From an Australian natural history volume on the Snowy Mountains: "You can see in the snow gum an expression of the different moods of these mountains: desperately clinging to an exposed slope in the face of blizzards, umbrageous and welcoming in a sun-filled valley; ghostly and insubstantial in rain and mist. The curving, variegated trunk and gesturing branches place it among the most graceful of the eucalypts... few would complain at the near monopoly of such a beautiful tree."
Except, of course, ignorant Canadians trying to ride from Mt. Kosciusko, Australia's highest point, to the ocean. Whistler's trails may be flocked to by our Aussie cousins, but one of my earliest mountain bike expeditions was to the Land of Oz, where the gums had almost gotten to me.
After hours grinding around above 1,500 metres in Kosciusko National Park in the southeast corner of New South Wales, with nothing in the viewfinder but the emaciated sprigs of broccoli known as snow gums, and an equally forlorn understory of grasses flattened by the previous winter's snows, I'd unconsciously blurted More gums! to no one in particular after cresting another ridge.
Only later would I come to appreciate the eucalypt hegemony—an indoctrination that involved up-close viewing of thousands of snow gums. Plus mountain gums, white gums, red gums, blue gums, river gums, monkey gums, gum gums, and gums in disguise—code-named things like white ash, silvertop, black sally, stringybark, messmate, and brownbarrel. Variations cribbed by time from the same DNA, now leading upright lives of their own to the continental exclusion of any other major tree group.
You could get downright evangelical about such impressive ecological dominance, painting mountain biking here as akin to a Rolling Church of the Holy Gum.
The previous day, we'd hiked to the summit of 2,225-metre Kosciusko. Though early "mountain bikers" rode and pushed cycles 100 kilometres through snow to the peak in the 1890s, current national park policy prohibited riding anywhere near it, and the deep snows of spring made a carry impractical. So, we'd skied off Kosciusko, following the steep slope below its southern spur and skirting Lake Cootapatamba in Rawson Pass, supposed route of those historic cyclists.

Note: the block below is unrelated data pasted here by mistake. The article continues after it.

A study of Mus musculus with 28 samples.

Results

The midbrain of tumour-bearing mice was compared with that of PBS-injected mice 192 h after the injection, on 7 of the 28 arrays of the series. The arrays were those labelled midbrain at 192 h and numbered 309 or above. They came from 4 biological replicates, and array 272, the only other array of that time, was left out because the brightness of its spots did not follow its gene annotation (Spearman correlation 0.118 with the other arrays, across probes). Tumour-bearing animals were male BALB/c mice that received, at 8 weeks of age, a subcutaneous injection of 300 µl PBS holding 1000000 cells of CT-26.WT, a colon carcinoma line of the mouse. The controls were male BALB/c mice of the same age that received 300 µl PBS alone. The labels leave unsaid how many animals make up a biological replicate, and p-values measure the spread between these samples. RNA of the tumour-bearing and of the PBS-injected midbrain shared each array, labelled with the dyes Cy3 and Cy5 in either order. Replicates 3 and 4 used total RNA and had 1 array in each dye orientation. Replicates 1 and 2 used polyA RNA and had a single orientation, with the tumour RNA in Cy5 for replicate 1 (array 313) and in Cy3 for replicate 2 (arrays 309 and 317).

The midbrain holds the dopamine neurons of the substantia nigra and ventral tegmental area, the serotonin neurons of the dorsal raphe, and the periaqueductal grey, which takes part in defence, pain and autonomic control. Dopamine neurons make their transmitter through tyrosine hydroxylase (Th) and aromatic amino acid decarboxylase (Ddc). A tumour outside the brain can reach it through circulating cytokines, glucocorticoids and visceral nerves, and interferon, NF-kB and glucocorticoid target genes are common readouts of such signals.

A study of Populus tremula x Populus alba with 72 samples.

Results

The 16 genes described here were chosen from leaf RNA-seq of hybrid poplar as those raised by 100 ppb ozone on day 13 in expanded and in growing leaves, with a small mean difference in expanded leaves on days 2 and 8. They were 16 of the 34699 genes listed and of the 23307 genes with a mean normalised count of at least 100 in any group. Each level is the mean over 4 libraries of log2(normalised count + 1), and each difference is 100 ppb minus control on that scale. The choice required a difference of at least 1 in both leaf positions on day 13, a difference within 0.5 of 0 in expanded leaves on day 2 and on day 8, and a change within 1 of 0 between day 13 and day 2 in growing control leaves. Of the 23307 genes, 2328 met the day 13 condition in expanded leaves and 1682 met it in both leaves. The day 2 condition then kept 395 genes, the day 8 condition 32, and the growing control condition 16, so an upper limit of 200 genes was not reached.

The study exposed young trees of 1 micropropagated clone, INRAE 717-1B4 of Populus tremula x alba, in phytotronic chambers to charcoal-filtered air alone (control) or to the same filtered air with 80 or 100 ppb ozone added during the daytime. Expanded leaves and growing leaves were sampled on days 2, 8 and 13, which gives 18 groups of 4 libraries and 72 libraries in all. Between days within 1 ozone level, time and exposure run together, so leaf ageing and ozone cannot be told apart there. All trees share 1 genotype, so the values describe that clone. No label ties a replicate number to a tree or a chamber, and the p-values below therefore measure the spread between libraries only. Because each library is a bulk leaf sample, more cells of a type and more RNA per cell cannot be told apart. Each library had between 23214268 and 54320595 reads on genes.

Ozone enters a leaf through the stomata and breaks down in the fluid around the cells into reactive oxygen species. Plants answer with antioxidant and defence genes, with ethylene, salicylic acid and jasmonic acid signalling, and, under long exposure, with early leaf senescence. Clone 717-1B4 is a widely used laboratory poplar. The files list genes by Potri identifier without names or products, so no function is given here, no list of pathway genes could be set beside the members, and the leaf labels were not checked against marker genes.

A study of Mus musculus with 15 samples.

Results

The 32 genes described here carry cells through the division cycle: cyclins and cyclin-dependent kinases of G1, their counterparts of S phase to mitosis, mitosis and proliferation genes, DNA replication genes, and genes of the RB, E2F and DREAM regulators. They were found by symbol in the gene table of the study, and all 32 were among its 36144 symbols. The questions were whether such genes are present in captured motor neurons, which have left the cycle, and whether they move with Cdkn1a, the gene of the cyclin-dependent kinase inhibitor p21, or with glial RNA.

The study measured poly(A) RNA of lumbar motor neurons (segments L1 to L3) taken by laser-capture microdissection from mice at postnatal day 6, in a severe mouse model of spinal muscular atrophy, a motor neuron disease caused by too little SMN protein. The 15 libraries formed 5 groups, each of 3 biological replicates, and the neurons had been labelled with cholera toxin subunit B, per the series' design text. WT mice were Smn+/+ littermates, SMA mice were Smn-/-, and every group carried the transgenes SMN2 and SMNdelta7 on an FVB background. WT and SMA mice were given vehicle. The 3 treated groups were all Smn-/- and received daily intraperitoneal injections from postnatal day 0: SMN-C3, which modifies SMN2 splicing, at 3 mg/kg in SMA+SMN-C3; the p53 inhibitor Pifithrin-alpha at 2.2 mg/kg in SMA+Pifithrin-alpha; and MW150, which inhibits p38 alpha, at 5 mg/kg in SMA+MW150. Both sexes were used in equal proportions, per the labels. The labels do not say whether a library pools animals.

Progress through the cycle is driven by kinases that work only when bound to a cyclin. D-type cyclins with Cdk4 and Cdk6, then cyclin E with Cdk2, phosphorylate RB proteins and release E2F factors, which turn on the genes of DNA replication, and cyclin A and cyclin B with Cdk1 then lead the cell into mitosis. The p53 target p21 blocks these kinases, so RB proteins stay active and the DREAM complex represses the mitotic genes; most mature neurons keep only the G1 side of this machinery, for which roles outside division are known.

Now, finally, we were on our bikes, contouring a ridge above the Nungar Frost Plain, a barren basin that, by trapping cold air, created topsy-turvy hills where trees covered uplands and lower slopes remained bare. On Blanket Plain, frogs called in icy air from puddled bogs while a cold wind sent previously hidden wallabies swarming through the glades ahead like stuffed toys on pogo-sticks. The final kilometres tumbled downhill through towering mountain ash, the frequent berms creating high-speed jumps.
Our ride over the massive escarpment girdling Australia's east coast began in remote Wadbilliga National Park at the edge of the Monaro high plain. As we neared the windswept crest of the Kybean Range, forest faded to heath as sun played over rust-colored dwarf casuarinas. Wedge-tail eagles hovered in updrafts while lyre birds called from the swaying edge of a dark coastal forest.
Views to the Brogo Cliffs and peaks of the Razorback hovered across a deep chasm to our right. As we made a final turn toward the coast, the vegetation changed quickly, segueing to a tropical cloud forest of towering tree-ferns and gift-wrapping vines. Lizards were legion: enormous goanas charged across the trail, skinks clamoured over river logjams, and water dragons plied the rock faces of a small gorge.
At Wonboyn Lake, the scene was almost tropical, with the shrill calls of rainbow lorakeets, king parrots, wattles, and sulphur-crested cockatoos. Indeed, Australia's bird fauna is among its most stunning attributes; in the high country, kookaburras had dotted balconies at ski-area condos while rosellas—red, blue and green mountain parrots—were everywhere, swooping down from gums, vibrant against the snow.
In Nadgee Nature Reserve, we cycled up Tumbledown Mountain to overlook Newton's Beach—a spectacular strand book-ended by sea cliffs and sweeping headlands. Captain James Cook first viewed Australia here as he sailed past in 1770, commenting in his log that the land "... had a very agreeable and promising aspect." But brief observations by a passing mariner didn't do justice to the righteous singletrack cutting through aromatic brush above towering bluffs, bisected by deep-ravine downhills through lush vegetation.
On the beach, ghost crabs flashed across dingo tracks that led over red sandstone to dens packed with howling pups. Shadows wavered through shoreline fog from a forest of phantasmagorical trees with seed cones imbedded in the middle of branches—giant lizards, giant kangaroos, giant snags, and giant views of lush offshore islands. The Tasman Sea swept away to the horizon, melding with the Pacific somewhere out of sight.
We'd started hundreds of kilometres away on the cold-hearted summits of the Snowy Mountains and, like all life, returned to the sea—if only for the weekend. Surf pounded below as we rode the scrub of the Nadgee headlands, a lone tree looming from the mist as the smoke of a fisherman's campfire wafted a final trace of eucalypt seaward.
Incense in the Rolling Church of the Holy Gum.